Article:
The Drivers of the Iconic GTLM Cars Are Eager to Race Again in the Motor City
By Jeff Olson
DAYTONA BEACH, Fla. – Look out, Detroit. Corvette is coming back to its hometown race.
While Corvette Racing’s appearance next week in the Chevrolet Sports Car Classic won’t count toward points, it will be the first time the iconic Chevrolet Corvette has appeared in its Grand Touring (GT) form at the Detroit race since 2008.
The addition of Corvette’s stalwart two-car GT Le Mans (GTLM) team in the annual Belle Isle street race in the shadow of General Motors headquarters is a nod to the manufacturer that has its name on the IMSA WeatherTech SportsCar Championship event, which shares the Chevrolet Detroit Grand Prix presented by Lear weekend with the IndyCar Series.
Racing in front of the hometown crowd is a thrill for the team’s drivers, Antonio Garcia, Jordan Taylor, Nick Tandy and Tommy Milner.
“At any racetrack where you’ve had success, you’re excited to go back and enjoy being there,” said Taylor, a five-time winner at Detroit who co-drives the No. 3 Corvette C8.R with Garcia. “For me, I’ve been with GM for so many years. I won there in 2012 in a Camaro, three times in a Corvette Daytona Prototype, and then 2017 in a Cadillac (prototype). To be there always in a GM vehicle with the (GM headquarters) Renaissance Center nearby and all the big bosses coming to the race, it always adds a lot of pressure but always means so much more when the race goes well.”
General Motors played a crucial role in the revival of the Detroit Grand Prix in 2012 after a three-year hiatus. GM was founded in Detroit in 1908 and ranks 18th in the Fortune 500 of U.S. companies by total revenue in sales of vehicles from its four U.S.-based brands – Chevrolet, Buick, Cadillac and GMC.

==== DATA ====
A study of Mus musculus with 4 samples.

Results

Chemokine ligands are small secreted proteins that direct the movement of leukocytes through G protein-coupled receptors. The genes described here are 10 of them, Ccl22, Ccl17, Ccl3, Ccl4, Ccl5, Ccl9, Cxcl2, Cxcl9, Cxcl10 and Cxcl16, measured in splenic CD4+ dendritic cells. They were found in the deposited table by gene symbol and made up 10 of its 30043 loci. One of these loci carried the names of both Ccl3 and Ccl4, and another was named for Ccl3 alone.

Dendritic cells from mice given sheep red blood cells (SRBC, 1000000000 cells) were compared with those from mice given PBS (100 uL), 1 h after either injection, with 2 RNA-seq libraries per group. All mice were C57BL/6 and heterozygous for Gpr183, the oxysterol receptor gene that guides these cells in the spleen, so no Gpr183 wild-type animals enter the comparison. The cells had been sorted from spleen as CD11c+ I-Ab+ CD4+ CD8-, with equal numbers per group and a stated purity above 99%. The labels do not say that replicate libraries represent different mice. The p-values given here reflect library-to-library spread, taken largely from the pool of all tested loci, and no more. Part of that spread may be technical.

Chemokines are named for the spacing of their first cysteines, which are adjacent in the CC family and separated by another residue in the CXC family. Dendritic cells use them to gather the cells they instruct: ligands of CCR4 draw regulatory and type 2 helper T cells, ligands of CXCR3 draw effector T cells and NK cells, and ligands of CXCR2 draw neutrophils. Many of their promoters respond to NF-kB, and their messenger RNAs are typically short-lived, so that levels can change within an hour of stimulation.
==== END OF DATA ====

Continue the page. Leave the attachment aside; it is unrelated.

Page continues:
Showing the hometown crowd and GM executives the famous Corvette GTLM entry up close and in action is a dream for drivers.
“Even though this isn’t a points race, I’m glad we are back at Belle Isle,” Garcia said. “It’s the first time for me racing in Detroit. Knowing we are racing with one of the most iconic cars around there is pretty cool.”
The Detroit Grand Prix began in 1982 as a Formula One race on downtown city streets, with the late Ayrton Senna winning in 1986, ’87 and ’88. In 1989, the race became an IndyCar event under CART sanction, moving to Belle Isle in 1992, where it was held annually until 2001.
The race was revived in 2007 as an IndyCar series event. After three idle years, it was revived again in 2012, where it remained an annual part of the schedule until last year’s race was canceled due to the COVID-19 pandemic. Sports cars have been part of the Detroit lineup for 10 years (2007-08, 2012-19).
In addition to being the home of Corvette, the event takes place in the backyard of Pratt Miller Engineering, which has designed, developed and constructed the Corvette GTs that have competed in IMSA for more than two decades. Pratt Miller is based in New Hudson, a Detroit suburb.
“This is something that I’m looking forward to – meeting some of the team members who have designed and worked on this car and seeing the people of Detroit who want to come and see us,” said Tandy, who co-drives the No. 4 Corvette C8.R with Milner. “It’s my first time at Belle Isle. From a competition standpoint, I’m looking forward to getting onto a brand new circuit. It’s not often that we go to a new track so it’s something that is exciting for me personally.”
WeatherTech Championship practice and qualifying will take place Friday, June 11, with the 100-minute race starting at 5:10 p.m. ET Saturday, June 12, airing live on NBCSN and IMSA Radio (Sirius 219, XM 202, SiriusXM Online 992). In addition to the Corvettes, the Daytona Prototype international (DPi) and GT Daytona (GTD) classes will be racing.